By: Elaine Everest - Updated: 14 Jul 2010 | comments*Discuss
 
Puppy Breeder Money Show Agility

There’s nothing better than winning a prize with a dog you have either bred yourself or purchased and trained in one of the variety of canine sports available to the enthusiast. However, much is handed over to a breeder to purchase a well-bred puppy there is no guarantee that the dog will achieve top honours.

Loads of money

It is common to have paid in excess of one thousand pounds when buying a dog from a well-known and well-respected breeder. To some this is an exorbitant amount of money, to those in the know it is the norm. You must remember the work and care that has gone into breeding the litter. The breeder has not just put two dogs together and produced puppies, reputable breeders have studied bloodlines, followed health plans relevant to their breed and acted upon any problem that arose. They would have exhibited their stock, winning stud book numbers and making up champions to show that their kennel name bred sound stock and was a name to be proud of.

Do you want to win?

You may have purchased your puppy with the idea of entering a canine sport. It may have been the show ring that appealed to you or perhaps agility, obedience, flyball or dancing to music the choice is so varied. Whatever the reason, you cannot appear in the ring or arena without having put the work in before hand. However much you paid for the puppy it still needs to be trained. Even before you have picked your dog you should have read everything possible on the breed those appeals to you and the sport you wish to follow.

Levels of winning

A win to some is failure to others! Some people are aiming for the top in their sport whereas many people are happy to have been placed in their class and spent a nice day out with their dogs and friends. We all have different objectives. It stands to reason that the top people in the breed will often win, they have the stock, the expertise and the years of experience and contacts. Don’t get upset if you are beaten by others, look at every competition as a learning curve and enjoy the experience.

Food

There is much store placed on food today whether it be school dinners or family meals. The same can be said of feeding our dogs. To produce a fit prime example of your breed you will need to look at what is fuelling this winning machine. Some people prefer a natural diet and there is a big following of the Raw Meaty Bones (RMB) diet and the Bone and Raw Food diet (BARF). If you can follow these plans you will know that your dog is getting the best possible start in life. There again you may be happy to use too many ranges of complete foods on the market, the choice is yours, but please do the best for your dog that you can.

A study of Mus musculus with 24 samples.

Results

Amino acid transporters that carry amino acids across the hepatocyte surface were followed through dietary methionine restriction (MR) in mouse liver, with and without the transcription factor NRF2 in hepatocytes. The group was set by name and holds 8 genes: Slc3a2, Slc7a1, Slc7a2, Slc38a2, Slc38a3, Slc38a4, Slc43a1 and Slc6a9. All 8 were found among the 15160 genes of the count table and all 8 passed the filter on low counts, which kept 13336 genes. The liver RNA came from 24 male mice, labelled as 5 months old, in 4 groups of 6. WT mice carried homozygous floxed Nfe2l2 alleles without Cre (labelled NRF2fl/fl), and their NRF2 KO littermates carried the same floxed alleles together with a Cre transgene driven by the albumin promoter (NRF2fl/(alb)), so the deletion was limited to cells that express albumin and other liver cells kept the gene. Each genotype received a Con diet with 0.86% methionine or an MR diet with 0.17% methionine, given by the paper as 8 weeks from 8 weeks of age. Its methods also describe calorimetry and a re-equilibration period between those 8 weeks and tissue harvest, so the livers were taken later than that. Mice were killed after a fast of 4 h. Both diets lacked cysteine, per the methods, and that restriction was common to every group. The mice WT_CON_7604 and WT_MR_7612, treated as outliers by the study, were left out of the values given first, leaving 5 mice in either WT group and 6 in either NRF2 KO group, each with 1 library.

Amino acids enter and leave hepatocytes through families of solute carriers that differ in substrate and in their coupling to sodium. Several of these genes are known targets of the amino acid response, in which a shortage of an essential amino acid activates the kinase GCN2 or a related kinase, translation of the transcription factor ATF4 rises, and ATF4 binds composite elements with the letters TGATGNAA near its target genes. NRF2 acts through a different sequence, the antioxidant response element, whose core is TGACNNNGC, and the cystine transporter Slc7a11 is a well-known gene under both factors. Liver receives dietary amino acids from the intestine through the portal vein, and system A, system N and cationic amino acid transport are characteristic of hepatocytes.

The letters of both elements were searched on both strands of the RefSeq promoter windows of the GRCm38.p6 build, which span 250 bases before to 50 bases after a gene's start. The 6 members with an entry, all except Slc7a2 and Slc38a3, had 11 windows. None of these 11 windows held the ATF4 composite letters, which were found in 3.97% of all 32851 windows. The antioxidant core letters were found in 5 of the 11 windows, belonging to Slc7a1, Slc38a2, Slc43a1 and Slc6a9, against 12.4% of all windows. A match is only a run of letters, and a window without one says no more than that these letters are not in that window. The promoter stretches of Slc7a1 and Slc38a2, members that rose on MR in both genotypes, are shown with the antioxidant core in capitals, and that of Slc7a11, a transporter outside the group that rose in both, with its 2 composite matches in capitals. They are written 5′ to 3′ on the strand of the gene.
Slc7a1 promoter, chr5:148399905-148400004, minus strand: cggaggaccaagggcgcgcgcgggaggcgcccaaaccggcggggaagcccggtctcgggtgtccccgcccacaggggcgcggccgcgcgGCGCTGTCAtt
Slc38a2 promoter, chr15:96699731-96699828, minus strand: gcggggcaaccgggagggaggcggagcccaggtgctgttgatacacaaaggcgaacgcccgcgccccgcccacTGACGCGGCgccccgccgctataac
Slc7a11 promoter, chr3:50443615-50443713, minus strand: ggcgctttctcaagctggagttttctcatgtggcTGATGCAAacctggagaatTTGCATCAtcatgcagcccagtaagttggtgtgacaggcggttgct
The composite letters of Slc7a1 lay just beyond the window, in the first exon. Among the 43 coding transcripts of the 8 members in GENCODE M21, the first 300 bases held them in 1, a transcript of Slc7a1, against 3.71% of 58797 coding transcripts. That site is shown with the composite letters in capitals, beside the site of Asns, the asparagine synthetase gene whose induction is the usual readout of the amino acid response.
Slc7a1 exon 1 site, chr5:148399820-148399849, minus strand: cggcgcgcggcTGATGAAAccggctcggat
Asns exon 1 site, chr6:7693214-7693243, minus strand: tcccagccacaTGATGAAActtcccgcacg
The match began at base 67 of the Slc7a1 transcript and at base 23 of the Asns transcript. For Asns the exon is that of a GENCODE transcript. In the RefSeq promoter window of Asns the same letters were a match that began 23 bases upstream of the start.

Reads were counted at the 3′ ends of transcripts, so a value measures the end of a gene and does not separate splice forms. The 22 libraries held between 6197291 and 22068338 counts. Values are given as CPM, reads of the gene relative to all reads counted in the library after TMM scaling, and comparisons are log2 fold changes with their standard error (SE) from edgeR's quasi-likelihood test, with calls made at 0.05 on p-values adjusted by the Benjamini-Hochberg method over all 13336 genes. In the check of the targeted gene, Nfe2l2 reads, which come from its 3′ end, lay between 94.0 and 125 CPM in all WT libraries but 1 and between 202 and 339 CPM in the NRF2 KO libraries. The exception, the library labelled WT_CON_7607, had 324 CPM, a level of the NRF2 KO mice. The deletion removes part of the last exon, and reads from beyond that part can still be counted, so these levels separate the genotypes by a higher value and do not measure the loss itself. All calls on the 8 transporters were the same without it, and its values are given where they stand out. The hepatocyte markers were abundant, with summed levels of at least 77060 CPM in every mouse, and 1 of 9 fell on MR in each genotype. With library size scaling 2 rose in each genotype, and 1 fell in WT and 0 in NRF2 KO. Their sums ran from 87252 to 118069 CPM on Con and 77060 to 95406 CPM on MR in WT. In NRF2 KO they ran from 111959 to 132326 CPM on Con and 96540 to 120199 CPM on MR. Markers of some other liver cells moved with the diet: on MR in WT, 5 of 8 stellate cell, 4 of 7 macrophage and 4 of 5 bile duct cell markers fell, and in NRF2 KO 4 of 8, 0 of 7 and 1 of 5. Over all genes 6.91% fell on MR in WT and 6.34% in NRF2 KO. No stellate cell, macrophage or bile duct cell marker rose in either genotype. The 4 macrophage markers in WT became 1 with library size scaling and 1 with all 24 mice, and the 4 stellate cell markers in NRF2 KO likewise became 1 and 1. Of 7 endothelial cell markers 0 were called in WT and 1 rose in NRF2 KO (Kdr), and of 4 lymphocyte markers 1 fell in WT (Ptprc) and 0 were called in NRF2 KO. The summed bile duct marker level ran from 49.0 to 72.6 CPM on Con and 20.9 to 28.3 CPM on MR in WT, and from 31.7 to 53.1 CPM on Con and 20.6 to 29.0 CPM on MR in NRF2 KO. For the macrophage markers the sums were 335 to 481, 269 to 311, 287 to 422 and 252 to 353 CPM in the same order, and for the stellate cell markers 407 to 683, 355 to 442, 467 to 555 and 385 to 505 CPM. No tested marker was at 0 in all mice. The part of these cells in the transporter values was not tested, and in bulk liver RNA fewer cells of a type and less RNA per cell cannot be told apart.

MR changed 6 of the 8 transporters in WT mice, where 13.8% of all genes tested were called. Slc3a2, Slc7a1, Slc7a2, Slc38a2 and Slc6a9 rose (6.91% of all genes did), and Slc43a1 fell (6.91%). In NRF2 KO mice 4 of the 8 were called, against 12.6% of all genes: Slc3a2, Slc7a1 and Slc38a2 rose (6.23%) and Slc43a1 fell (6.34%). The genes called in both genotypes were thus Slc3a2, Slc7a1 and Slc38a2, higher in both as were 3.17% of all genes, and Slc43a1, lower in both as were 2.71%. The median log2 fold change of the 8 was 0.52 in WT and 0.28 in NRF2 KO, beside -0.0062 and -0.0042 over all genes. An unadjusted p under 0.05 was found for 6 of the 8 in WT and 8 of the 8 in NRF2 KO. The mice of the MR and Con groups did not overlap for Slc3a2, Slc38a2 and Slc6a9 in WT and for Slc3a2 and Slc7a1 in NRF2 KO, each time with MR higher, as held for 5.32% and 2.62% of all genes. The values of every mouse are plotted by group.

Training

Training should start on day one. To begin with lead training at home until he has had his vaccines and can venture into the wide-open world. If you intend to show him then get him used to being stood correctly and having his ears, teeth and feet felt by other people just as a judge would do in the ring. Also get your dog used to being groomed by laying him down on a table, or the floor and brushing him through thoroughly – even if the coat is short. These small practises will pay dividends once you get into competition.

Growth

Sadly not every puppy grows into a swan. If you are showing the dog he may not quite have the proportions needed for a show specimen. This does not stop you trying other canine sports, the choice is so varied. Enjoy your dog for what he is – a member of the family – anything else is a bonus.

At the end of the day

Not everyone can own a champion dog – it would make a mockery of the system if we did! But the main thing to remember whether your dog won a top award or a rosette for fifth place – or even walked away with nothing; we always take the best dog home!